There is an instinctive almost primitive emotion most people feel when their hometown is mentioned or makes it into the news. It is a mixture of pride and belonging. It is a matter of identity and family of course.
Our pride in the place we come from may not survive too much scrutiny, however. Many towns and cities have, in the final analysis, little to recommend them. We are nevertheless connected to them as profoundly as we once were connected to our mother’s womb.
In 2021 over 20,000 delegates to the 26th United Nations Climate Change Conference more usually referred to as COP26, arrived in my hometown of Glasgow in Scotland.
People from Glasgow (it’s pronounced Glas-go not Glas-gow like cow!) are called Glaswegians. We all felt a surge of pride as the world’s media and cameras mushroomed across our city.
But pride gave way to laughter and ridicule when Wolf Blitzer, a news anchor with CNN, wrote on Twitter that he was reporting from Edinburgh in Scotland,“Where 20,000 world leaders and delegates have gathered for the COP26.”.
Edinburgh is 47 miles east of Glasgow; over an hour’s drive away.
European journalists helpfully tweeted maps of Scotland to Mr. Blitzer. A chain of Scottish eyeglass stores sent Blitzer an invitation to drop by and get his eyes tested for free and have a new pair of glasses on them!
The jokes and mockery came fast and furious but the non-funny side of the story is that CNN is more known for intentionally getting the facts wrong than for accidentally making fools of themselves.
That is abundantly clear when it comes to American politics. It is simply known as the mouthpiece of the Democratic Party. The needle moves off the dial though when it comes to coverage of Israel.
Now at this point, as a responsible columnist I should cite examples and proofs for my accusations. There are some though (and CNN is only one of many) whose behavior in this regard is so egregious and well documented that it is no more necessary than the need to substantiate a claim that it is a teeny wee bit cold at the North Pole in December.
Yet, if you believe that an independent and a free press is important to democracy, the fact that there is so little of it in today’s United States should worry you…a lot.
The American Civil Liberties Union, itself embroiled in controversy about its commitment to protecting free speech when it doesn’t echo Liberal values, nevertheless writes on the opening page of its webpage citing, U.S. Supreme Court Justice Hugo Black in New York Times Co. v. United States (1971):
“The freedom of the press, protected by the First Amendment, is critical to a democracy in which the government is accountable to the people. A free media functions as a watchdog that can investigate and report on government wrongdoing. It is also a vibrant marketplace of ideas, a vehicle for ordinary citizens to express themselves and gain exposure to a wide range of information and opinions.”
But what if the press and media jettison that role and no longer act as a watchdog to make sure the government is accountable to the people but rather feels itself accountable to one political party and its values.
The Washington Post, whose motto is, “Democracy dies in darkness” published a survey eight years ago which showed that only 7% of American journalists are Republicans.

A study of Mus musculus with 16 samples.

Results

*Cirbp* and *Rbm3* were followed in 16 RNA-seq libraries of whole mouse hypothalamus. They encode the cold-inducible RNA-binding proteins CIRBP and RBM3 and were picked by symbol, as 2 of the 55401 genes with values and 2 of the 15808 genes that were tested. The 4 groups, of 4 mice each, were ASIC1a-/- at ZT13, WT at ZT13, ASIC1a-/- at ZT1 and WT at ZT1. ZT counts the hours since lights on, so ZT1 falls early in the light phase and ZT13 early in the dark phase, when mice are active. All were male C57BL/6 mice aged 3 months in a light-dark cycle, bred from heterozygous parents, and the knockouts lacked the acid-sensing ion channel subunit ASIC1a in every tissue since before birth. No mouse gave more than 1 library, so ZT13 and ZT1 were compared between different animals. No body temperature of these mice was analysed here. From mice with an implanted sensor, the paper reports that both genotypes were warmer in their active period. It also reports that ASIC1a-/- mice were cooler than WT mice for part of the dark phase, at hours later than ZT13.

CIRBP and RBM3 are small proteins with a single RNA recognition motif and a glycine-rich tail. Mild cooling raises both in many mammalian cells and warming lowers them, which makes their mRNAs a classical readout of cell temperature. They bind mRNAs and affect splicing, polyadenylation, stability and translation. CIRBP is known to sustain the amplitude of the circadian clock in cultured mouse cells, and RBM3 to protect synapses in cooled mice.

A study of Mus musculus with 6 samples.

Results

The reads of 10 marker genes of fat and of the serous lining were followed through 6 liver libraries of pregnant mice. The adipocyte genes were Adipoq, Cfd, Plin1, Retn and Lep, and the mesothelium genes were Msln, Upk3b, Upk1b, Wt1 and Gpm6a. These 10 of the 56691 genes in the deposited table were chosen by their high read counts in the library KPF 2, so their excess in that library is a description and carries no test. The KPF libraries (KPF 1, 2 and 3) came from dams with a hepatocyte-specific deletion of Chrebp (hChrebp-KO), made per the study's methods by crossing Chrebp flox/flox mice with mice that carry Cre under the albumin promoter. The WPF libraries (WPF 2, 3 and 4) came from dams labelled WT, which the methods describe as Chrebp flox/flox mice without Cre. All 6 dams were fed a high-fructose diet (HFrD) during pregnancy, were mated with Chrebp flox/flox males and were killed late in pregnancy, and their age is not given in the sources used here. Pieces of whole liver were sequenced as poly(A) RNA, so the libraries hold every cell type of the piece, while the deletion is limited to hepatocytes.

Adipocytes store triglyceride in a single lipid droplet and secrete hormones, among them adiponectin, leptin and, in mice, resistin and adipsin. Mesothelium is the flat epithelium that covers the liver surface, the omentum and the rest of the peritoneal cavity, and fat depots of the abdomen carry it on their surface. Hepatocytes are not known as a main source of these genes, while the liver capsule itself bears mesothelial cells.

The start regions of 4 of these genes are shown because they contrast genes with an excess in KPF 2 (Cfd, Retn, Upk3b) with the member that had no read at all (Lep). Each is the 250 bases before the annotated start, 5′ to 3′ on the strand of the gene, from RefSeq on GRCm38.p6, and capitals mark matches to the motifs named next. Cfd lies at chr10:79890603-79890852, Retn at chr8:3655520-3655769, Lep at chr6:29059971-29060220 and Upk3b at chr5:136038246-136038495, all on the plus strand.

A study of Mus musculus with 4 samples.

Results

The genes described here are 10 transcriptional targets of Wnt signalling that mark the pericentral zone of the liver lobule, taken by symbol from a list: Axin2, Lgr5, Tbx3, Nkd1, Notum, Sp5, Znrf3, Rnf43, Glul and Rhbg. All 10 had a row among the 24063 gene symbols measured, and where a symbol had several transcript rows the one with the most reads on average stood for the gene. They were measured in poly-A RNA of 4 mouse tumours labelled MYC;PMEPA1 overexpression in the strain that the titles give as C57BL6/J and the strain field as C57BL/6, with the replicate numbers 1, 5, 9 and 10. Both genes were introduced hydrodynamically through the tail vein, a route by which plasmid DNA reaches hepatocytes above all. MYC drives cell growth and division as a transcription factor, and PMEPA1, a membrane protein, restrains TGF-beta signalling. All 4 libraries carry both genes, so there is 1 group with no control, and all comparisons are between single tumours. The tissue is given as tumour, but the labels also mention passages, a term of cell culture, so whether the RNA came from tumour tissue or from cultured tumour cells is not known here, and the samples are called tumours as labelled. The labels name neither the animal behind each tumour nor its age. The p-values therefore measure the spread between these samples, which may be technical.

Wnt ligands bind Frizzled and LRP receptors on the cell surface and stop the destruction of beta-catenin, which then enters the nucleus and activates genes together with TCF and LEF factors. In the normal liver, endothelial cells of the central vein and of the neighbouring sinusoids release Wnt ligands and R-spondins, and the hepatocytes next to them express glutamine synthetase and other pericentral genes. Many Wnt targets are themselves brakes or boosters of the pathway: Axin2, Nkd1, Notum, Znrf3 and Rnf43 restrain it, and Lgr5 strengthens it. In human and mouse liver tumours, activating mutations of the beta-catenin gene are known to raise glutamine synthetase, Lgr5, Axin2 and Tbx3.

Many have argued that, of course they have political preferences, but as professional journalists, they are able to neutralize them and report objectively and fairly.
Several organizations that monitor and rank U.S. media for biased reporting disagree.
Ad Fontes Media publishes a regularly updated chart in which they rank some of the larger American news sources by left or right-wing bias as well as by accuracy.
AllSides assesses ideological biases of online sources and produces media bias charts. Intriguingly, it actually presents news stories from different perspectives to allow you to see both sides.
There are others like those too, but all agree on one thing. The media does suffer from significant bias.
And if that claim of journalistic integrity-neutralizing personal preference may have seemed unconvincing in the past, it is dead and buried now.
The Pew Research Center just published results of a survey which shows that journalists in the United States differ markedly from the American people in their views of “bothsidesism.” That’s what used to be called “The Fairness Doctrine” where journalists should always strive to give equal coverage to all sides of an issue.
The results show that more than half of the journalists surveyed (55%) say that every side does not always deserve equal coverage in the news. By contrast, about three-quarters of the public (76%) say journalists should always give all sides equal coverage.
Pay attention, Washington Post and tell your journalists; Democracy dies in semi-darkness too.
Oh! and ironically, Ad Fontes Media’s current chart has the Washington Post firmly on the “Skews Left” section of its chart.
When journalists themselves now declare that a majority of them are not only biased but feel that the old tiresome nonsense about hearing both sides of an argument to arrive at the truth is irrelevant, they rather sound like Turkeys voting for an early Thanksgiving.
That’s probably why so many people simply do not trust the media or journalists at all. It’s also why the number of people getting their news and trusting what they hear from traditional sources has fallen off a cliff.
Journalists no longer act as watchdogs or investigate and report on government wrongdoing. They no longer protect the democracy that gave them legitimacy through the American Constitution’s First Amendment. We the people have a point; who needs them… or at least 55% of them?